Sr Scientist,Division Of Medicinal and Process Chemistry

Molecular Editing, Late Stage Modification and Bio-Conjugation of Therapeutic Peptides,
Natural Products and Approved Drugs

One of the major research work in our lab focus on molecular editing, late stage modification and drug delivery of therapeutic peptides and small molecules. Therapeutic peptides offer several advantages over traditional organic drugs, they offer greater efficacy, selectivity and specificity and the metabolized products minimizing the risks of side effects. However, the lack of oral bioavailability is certain limitation of most peptides. To overcome these problems, we do the site selective modifications of peptides, proteins and complex natural products. Our group also works on cutting edge of medicinal chemistry, biocompatable nanomaterials synthesis and their applications in drug delivery.

1. Molecular Editing

Molecular editing is an advance concept to improve the bioavailability of drugs, where we replace one atom with a hetero atom or functional group in an orally available drugs or molecules in the advanced stage. Using this concept, we modify the therapeutic peptides and bioactive small molecules in site-selective manner by using various methodologies as shown in below diagram.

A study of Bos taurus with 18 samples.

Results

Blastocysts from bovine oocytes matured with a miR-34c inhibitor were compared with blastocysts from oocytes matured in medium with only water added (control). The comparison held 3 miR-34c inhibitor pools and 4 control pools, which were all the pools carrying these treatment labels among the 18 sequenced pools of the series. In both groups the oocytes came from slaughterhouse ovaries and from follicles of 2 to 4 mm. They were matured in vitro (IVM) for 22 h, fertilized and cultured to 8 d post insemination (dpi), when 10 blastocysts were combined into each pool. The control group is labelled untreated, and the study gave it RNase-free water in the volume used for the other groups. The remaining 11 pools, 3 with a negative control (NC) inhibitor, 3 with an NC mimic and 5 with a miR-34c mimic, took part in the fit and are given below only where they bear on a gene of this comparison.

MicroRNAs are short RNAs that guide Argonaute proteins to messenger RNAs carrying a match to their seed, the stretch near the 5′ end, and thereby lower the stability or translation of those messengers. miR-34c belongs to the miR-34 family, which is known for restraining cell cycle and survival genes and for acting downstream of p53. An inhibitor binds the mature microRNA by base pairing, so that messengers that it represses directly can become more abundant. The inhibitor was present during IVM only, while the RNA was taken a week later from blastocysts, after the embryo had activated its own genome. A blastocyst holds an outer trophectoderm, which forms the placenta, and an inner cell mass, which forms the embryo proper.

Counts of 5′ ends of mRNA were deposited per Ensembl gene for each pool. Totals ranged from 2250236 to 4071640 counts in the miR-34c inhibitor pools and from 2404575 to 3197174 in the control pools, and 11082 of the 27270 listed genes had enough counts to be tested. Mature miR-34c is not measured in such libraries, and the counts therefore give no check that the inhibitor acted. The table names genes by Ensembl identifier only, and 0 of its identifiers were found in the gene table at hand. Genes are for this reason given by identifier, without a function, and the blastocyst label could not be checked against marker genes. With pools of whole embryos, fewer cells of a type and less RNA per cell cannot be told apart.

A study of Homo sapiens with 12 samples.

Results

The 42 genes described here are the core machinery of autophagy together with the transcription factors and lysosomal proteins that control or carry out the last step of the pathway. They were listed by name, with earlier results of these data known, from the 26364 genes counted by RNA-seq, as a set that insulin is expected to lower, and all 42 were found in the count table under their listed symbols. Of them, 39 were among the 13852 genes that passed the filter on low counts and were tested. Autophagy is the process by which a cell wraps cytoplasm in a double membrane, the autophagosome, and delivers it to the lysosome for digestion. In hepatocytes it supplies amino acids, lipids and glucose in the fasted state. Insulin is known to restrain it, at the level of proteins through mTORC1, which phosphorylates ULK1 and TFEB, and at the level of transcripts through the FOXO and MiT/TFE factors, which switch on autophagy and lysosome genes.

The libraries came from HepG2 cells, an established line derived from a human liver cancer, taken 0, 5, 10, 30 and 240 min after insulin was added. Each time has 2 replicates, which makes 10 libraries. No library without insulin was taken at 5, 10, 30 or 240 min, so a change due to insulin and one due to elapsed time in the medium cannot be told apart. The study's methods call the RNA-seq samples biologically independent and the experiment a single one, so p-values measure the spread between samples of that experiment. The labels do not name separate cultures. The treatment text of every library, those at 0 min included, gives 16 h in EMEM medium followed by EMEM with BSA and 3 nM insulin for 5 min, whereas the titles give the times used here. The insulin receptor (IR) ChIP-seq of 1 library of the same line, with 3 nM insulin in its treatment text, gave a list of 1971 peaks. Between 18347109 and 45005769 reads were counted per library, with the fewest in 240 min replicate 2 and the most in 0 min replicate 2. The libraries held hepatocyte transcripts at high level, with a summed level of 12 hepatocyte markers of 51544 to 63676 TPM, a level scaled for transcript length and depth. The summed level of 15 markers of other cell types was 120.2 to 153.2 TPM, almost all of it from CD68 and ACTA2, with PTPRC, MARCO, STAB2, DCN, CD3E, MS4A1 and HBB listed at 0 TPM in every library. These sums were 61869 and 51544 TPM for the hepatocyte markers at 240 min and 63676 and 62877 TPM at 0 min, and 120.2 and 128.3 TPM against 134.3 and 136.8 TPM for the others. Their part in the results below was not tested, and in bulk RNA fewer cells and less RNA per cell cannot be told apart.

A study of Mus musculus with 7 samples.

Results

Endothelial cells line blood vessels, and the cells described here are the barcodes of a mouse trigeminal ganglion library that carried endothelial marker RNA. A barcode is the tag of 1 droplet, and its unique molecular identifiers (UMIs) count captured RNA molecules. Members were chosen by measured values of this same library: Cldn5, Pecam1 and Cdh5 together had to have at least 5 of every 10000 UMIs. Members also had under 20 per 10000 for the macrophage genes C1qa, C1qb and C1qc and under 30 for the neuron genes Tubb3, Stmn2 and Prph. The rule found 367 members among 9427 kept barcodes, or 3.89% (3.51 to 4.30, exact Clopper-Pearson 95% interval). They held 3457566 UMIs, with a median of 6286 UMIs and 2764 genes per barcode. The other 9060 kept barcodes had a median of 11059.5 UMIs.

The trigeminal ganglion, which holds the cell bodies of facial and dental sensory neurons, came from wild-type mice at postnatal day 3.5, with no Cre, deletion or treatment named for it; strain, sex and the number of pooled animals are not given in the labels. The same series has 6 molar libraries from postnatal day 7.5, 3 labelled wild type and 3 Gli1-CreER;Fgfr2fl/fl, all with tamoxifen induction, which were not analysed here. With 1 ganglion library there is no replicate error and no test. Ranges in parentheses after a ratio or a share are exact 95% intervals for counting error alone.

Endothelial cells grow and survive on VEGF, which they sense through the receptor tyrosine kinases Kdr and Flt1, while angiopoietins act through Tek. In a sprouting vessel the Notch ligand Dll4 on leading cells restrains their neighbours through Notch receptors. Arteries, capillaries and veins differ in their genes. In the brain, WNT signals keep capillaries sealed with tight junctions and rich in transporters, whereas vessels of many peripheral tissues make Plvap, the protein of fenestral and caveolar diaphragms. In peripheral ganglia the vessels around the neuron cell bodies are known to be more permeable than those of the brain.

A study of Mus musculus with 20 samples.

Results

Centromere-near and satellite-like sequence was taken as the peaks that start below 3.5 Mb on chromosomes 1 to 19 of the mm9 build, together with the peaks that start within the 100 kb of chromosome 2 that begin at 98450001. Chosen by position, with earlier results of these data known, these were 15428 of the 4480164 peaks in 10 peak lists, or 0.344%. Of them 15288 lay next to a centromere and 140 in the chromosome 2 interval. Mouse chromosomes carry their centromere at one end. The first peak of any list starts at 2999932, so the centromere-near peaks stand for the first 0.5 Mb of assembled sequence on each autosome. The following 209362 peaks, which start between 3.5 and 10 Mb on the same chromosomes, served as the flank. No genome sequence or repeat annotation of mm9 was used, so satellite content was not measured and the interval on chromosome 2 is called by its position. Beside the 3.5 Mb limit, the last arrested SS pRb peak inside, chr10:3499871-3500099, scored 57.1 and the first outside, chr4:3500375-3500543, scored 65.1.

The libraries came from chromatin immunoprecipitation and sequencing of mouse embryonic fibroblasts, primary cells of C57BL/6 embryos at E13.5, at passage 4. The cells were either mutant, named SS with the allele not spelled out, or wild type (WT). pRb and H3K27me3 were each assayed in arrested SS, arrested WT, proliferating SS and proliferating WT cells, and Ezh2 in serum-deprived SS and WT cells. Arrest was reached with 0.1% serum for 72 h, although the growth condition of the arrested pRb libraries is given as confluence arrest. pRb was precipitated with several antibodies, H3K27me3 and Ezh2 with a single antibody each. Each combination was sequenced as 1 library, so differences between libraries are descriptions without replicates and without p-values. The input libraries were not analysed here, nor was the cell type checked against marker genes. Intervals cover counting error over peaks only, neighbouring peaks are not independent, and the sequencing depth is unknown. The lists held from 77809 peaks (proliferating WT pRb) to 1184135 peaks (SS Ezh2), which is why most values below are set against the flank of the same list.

2. Late-stage modification,

The concept late-stage functionalization (LSF) involves selective functionalization of the C–H/N-H bonds in the presence of many other functional groups in a peptide or in a bioactive scaffold. This allows chemists to generate chemical libraries of lead compound and natural products analogues. Site selectively decorated peptides bears great potential for drug discovery, proteomics and diagnostics. In our laboratory, we develop various methodologies including metal catalysis and metal free condition for the post-translational modification of therapeutic peptides, natural products and approved drugs.

3. Staple peptides and their Biomedical applications:

The peptide secondary structure represents a common structural motif that targets protein-protein and protein-DNA interactions. The short peptides can lose their secondary structure when taken out of context, developing chemical interventions to stabilize their bioactive structure remains an active area of research. Stapled peptides are new class of compounds have been developed by various methods to mimic α-helix secondary structures and are being used to understand the important biological mechanisms. Our group developed novel staple peptides and we study their ligand/protein interactions, metabolic stability, lipid membrane interactions and cell permeability to identifying bioavailability. We conjugate these peptides with florescent and drug molecules, which could be used in various biomedical applications as represented in below figure.